Blackbird Ventures co-founder Bill Bartee is leaving to head a new $200 million CSIRO innovation fund

Nikki Scevak, Bill Bartee and Rick Baker, co-founders of Blackbird Ventures.

The federal government has lured a big-name exec from the startup industry to lead its new $200 million CSIRO Innovation Fund.

Industry, innovation and science minister Greg Hunt has appointed Blackbird Ventures co-founder and partner Bill Bartee to head the fund, which aims to “commercialise early stage innovations from CSIRO, universities and other publicly-funded research bodies”.

Bartee will reportedly be forced to divest his investments and directorships at Blackbird as a condition of the role. He has also been involved with NAB Ventures, co-founded Southern Cross Venture Partners and is a StartupAUS board member.

Bartee has been a “co-facilitator and designer of internal acceleration program” as a consultant to the CSIRO since May 2015, according to LinkedIn.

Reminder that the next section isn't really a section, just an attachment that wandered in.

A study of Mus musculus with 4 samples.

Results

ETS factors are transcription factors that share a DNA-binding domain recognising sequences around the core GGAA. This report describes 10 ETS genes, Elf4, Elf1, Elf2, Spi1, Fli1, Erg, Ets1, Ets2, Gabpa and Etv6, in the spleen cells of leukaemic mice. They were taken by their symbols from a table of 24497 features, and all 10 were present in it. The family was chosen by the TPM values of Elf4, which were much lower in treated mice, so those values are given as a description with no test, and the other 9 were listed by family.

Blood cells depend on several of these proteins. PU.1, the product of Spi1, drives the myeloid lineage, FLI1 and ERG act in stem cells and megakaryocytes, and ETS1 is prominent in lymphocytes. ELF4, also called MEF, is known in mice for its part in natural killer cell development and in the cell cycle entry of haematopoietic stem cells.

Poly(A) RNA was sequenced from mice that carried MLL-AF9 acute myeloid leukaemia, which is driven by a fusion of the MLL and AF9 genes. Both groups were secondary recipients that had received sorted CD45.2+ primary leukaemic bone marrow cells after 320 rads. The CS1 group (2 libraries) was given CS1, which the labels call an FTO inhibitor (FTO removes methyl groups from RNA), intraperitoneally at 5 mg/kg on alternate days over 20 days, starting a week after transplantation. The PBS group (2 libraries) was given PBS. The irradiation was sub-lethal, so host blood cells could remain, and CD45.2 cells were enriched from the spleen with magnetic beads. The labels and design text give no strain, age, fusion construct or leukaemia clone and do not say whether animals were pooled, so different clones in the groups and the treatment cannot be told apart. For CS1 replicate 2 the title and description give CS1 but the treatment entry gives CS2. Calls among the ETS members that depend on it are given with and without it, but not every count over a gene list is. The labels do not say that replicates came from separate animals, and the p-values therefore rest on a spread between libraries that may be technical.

Hunt said the Innovation Fund, in commercialising research ideas, would “bridge the gap between science and industry”.

“It’s about maximising value from taxpayer-funded research and ensuring important discoveries make it beyond the laboratory,” he said.

“It will allow our innovators to meet industry half way by developing investable propositions, enabling our scientists to get their product to market more rapidly.”

The CSIRO’s most famous commercialised technology, wi-fi, will help pay for the initiative, with royalties contributing $30 million over 10 years to the fund. The government is also directly chipping in $70 million, while $100 million will come from wholesale private sector investment.

Finding that private sector money will be one of Bartee’s challenges in the new role. Those investors, the AFR reported, will get a 10% tax offset on contributions and a capital gains tax exemption because of the fund’s status as a “conditionally registered early-stage venture capital limited partnership”.